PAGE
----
Pavel Kohout was born in Prague in 1928. His career turns were not atypical for a creative intellectual of his generation: from an initial unconditional acceptance of the Stalinist regime, through disillusion and participation in reform in the 60s, to opposition in the 70s, ending in exile. During these "historical peripeties," he was in the front line, where he was one of the most active and most prominent participants.
The beginning of his career, however, was atypical: at 21 years old, he was the cultural attache in Moscow and from 22 to 24 (1950-52) he edited a cultural journal, all while finishing his university degree at the philosophical faculty of Charles University. Soon after graduation he published two collections of poetry and was a screen writer for a film, and wrote a verse comedy, "Good Song" (1952), which holds a place in the Golden Fund of Czech Stalinist literature.
Already in 1955, however, he began to criticize the divorce of the theory of Socialism from its practice in his country. At the Fourth Congress of Czech and Slovak Writers in 1967, his reading of Solzhenitsen's protest letter to the Congress of Soviet Writers was called the culminating symbolic transformation of the "literary revolution" in criticizing the regime.
His main vehicle of protest was the theatre. From 1952 to 1990, he wrote 45
plays. His plays written after 1968, however, could be produced only outside
the country, where they became, along with Havel's, the most frequently produced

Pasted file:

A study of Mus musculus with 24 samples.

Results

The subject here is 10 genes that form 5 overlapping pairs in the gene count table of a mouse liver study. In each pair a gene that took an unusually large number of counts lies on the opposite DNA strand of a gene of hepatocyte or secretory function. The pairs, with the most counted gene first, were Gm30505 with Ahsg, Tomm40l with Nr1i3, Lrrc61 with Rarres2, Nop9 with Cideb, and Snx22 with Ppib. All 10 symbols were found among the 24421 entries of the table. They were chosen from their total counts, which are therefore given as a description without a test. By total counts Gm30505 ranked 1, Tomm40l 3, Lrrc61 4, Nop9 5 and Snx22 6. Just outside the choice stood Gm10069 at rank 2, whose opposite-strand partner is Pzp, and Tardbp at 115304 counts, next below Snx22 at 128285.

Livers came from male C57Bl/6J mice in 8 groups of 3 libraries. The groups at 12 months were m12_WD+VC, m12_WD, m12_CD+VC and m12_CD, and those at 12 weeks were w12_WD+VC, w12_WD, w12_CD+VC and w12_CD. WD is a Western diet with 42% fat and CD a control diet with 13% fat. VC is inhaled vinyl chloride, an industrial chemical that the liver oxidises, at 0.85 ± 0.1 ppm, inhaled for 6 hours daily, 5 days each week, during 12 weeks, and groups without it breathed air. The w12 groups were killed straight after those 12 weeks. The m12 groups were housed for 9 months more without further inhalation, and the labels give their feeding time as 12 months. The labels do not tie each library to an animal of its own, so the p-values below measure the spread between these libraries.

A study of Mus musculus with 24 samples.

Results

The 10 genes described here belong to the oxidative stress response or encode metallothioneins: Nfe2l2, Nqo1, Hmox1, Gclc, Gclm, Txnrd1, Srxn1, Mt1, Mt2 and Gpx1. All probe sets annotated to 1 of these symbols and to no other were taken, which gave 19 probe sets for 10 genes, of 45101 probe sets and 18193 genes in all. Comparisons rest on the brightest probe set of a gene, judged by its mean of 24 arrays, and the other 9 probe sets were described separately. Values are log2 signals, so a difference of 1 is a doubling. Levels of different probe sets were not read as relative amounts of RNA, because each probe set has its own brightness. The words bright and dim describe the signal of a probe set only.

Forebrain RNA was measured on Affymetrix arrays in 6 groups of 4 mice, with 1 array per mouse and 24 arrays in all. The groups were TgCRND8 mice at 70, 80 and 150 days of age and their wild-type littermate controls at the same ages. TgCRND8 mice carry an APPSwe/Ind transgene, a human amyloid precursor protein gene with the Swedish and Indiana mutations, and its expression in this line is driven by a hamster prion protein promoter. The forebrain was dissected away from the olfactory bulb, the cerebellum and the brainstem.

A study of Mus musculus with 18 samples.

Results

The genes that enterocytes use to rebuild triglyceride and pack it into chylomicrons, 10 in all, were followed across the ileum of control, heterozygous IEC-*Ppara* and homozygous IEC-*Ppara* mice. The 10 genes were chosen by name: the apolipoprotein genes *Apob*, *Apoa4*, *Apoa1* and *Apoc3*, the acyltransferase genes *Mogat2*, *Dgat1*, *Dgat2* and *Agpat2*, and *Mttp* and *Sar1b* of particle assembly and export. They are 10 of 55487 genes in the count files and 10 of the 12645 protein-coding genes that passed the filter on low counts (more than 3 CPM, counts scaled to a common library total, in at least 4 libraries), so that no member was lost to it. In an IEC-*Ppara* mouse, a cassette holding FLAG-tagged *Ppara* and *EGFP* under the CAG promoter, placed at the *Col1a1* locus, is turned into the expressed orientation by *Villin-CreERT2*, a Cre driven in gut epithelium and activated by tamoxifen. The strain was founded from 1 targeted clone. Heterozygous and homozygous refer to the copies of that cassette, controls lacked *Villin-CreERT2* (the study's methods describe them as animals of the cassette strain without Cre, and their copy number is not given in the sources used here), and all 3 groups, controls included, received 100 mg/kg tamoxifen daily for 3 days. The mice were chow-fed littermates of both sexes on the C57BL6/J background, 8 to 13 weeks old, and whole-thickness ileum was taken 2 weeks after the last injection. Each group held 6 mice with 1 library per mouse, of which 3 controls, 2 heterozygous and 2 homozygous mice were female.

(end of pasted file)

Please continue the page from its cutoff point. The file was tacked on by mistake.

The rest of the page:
State Security, especially after his signing of Charter 77, of which he was a founder and one of the most active members, was exceptionally watchful of him and his wife, Jelena Masinova, to the point of almost open harassment. In 1978 he was denied re-admittance from Austria where he had been granted a year's stay at the Viennese Burgtheatr. From Vienna he became one of the best known and most faithful spokesmen of the opposition.
Currently, he divides his time between Vienna and Prague. Among his later cultural activity belongs his establishing the festival of German theatre in Prague, whose first anniversary was 1997. His later writings have included novels such as Katyne (1978), a morbid, erudite, and literarily refined argument against the death penalty; The Hour for Dance and Love (1989), set in the Jewish ghetto during Nazi times and a meditation on totalitarian ideology; The End of the Long Vacation (1991) about Czech emigration and I am Showing (1993), a political thriller about the conditions after the Velvet Revolution overthrowing Communism.
From Who Was Who in Our History in the Twentieth Century, Prague, 1998.